In December 2009, Dr. Donna Charlevoix, of the GLOBE Program Office, attended the COP-15 (15th meeting of the Conference of Parties) meeting in Copenhagen, Denmark. Dr. Charlevoix gave a great summary of the meetings in five separate blog posts that began on 7 December 2009. Some of you may have read these posts, and for those of you who haven’t, I encourage you to visit them, beginning with the first to get a better understanding of the importance of these annual meetings.
This year’s meeting was titled COP-17 (17th Conference of Parties). The meeting is important because it includes things such as the adoption of the conference agenda, election of new officers, and reports from committees within the COP. These meetings are held annually, because it is important to frequently assess progress in dealing with climate change. After decisions are made at this meeting, a detailed set of rules are created for practical and effective implementation of the Convention.
As in 2009, a lot of the discussion centered around the Kyoto Protocol. The Kyoto Protocol is a binding agreement of 37 industrialized countries to reduce their greenhouse gas emissions. This protocol was adopted in 1997 in Kyoto, Japan, and entered into force in February of 2005. There is more information on this important international agreement on the United Nations Convention on Climate Change website. This year’s conference officially ended on 9 December; however, the final package of agreements, now known as the Durban Platform, wasn’t finalized until the next morning. This package is very important to the future of regulating climate change. But what makes this package different than the Kyoto Protocol?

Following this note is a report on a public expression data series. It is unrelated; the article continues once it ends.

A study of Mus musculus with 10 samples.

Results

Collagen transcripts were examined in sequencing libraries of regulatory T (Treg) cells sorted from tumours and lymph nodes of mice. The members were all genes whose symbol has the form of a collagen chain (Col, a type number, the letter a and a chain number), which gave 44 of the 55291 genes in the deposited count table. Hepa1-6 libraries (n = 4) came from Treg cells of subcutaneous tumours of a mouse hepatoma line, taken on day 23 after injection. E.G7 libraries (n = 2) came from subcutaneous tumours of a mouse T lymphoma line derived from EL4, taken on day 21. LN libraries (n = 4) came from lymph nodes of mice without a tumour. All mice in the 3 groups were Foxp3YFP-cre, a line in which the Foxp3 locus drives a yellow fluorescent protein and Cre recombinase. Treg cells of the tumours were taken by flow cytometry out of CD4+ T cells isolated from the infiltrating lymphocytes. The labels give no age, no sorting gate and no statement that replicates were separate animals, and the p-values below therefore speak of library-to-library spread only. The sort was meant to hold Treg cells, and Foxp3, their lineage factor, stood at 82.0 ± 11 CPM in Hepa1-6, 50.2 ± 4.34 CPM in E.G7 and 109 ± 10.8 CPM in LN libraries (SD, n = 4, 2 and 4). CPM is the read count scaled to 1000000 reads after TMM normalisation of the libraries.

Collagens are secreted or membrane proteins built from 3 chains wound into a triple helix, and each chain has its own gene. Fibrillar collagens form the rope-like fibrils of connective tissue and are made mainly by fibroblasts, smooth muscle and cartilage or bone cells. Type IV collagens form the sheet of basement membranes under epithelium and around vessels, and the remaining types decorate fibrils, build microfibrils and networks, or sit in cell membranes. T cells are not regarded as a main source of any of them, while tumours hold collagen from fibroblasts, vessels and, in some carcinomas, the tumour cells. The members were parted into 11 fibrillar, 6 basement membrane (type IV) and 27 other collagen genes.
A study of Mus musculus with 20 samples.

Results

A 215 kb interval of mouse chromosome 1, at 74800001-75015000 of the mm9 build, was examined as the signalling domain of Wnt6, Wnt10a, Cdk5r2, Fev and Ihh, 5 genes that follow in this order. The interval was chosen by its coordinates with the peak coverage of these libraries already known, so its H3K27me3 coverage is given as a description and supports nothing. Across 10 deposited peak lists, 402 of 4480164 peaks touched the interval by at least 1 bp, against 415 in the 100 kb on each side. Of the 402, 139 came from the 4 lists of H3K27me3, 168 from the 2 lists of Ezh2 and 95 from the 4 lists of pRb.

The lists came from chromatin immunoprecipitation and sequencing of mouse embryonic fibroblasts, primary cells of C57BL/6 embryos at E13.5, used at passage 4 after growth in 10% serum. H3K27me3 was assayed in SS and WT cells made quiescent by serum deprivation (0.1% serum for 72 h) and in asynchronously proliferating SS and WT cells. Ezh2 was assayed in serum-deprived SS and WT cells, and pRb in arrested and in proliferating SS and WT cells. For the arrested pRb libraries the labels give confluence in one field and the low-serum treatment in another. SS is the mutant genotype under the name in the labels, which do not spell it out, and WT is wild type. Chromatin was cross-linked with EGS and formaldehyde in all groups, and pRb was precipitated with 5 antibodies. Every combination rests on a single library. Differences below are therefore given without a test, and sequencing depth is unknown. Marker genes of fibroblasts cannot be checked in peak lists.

This new package of agreements is a legally-binding treaty of all 194 member governments of the United Nations Framework Convention on Climate Change by limiting greenhouse gas emissions. While this is an exciting advancement, there still are questions to be answered, such as how will this translate into actual reductions in greenhouse gases? When will this go into effect? The hope is that all negotiations on how to reduce emissions will be decided by 2015 and enforced by 2020.
Another difference from the Kyoto protocol is that the United States, India, and China all agreed to be held accountable for their greenhouse gas emissions. And while there are items in the agreement that countries don’t agree on, the overall package is important to keep the world focused on climate change mitigation.
So how does this apply to GLOBE schools? For GLOBE schools looking at the aerosol protocol, it would be interesting to collect data over the next few years to see if there is any change in the optical thickness of the atmosphere (remember the optical thickness is how much of the sun’s light is absorbed or scattered by particles suspended in the atmosphere) and how it corresponds to the enforcement of these new agreements.
How do you think the Durban Platform will affect your location? Have you been using the aerosol protocol to take measurements that could be used to monitor the changes that the Durban Platform may cause? We’d love to hear from you! Please leave us a comment or email us at science (at) globe (dot) gov.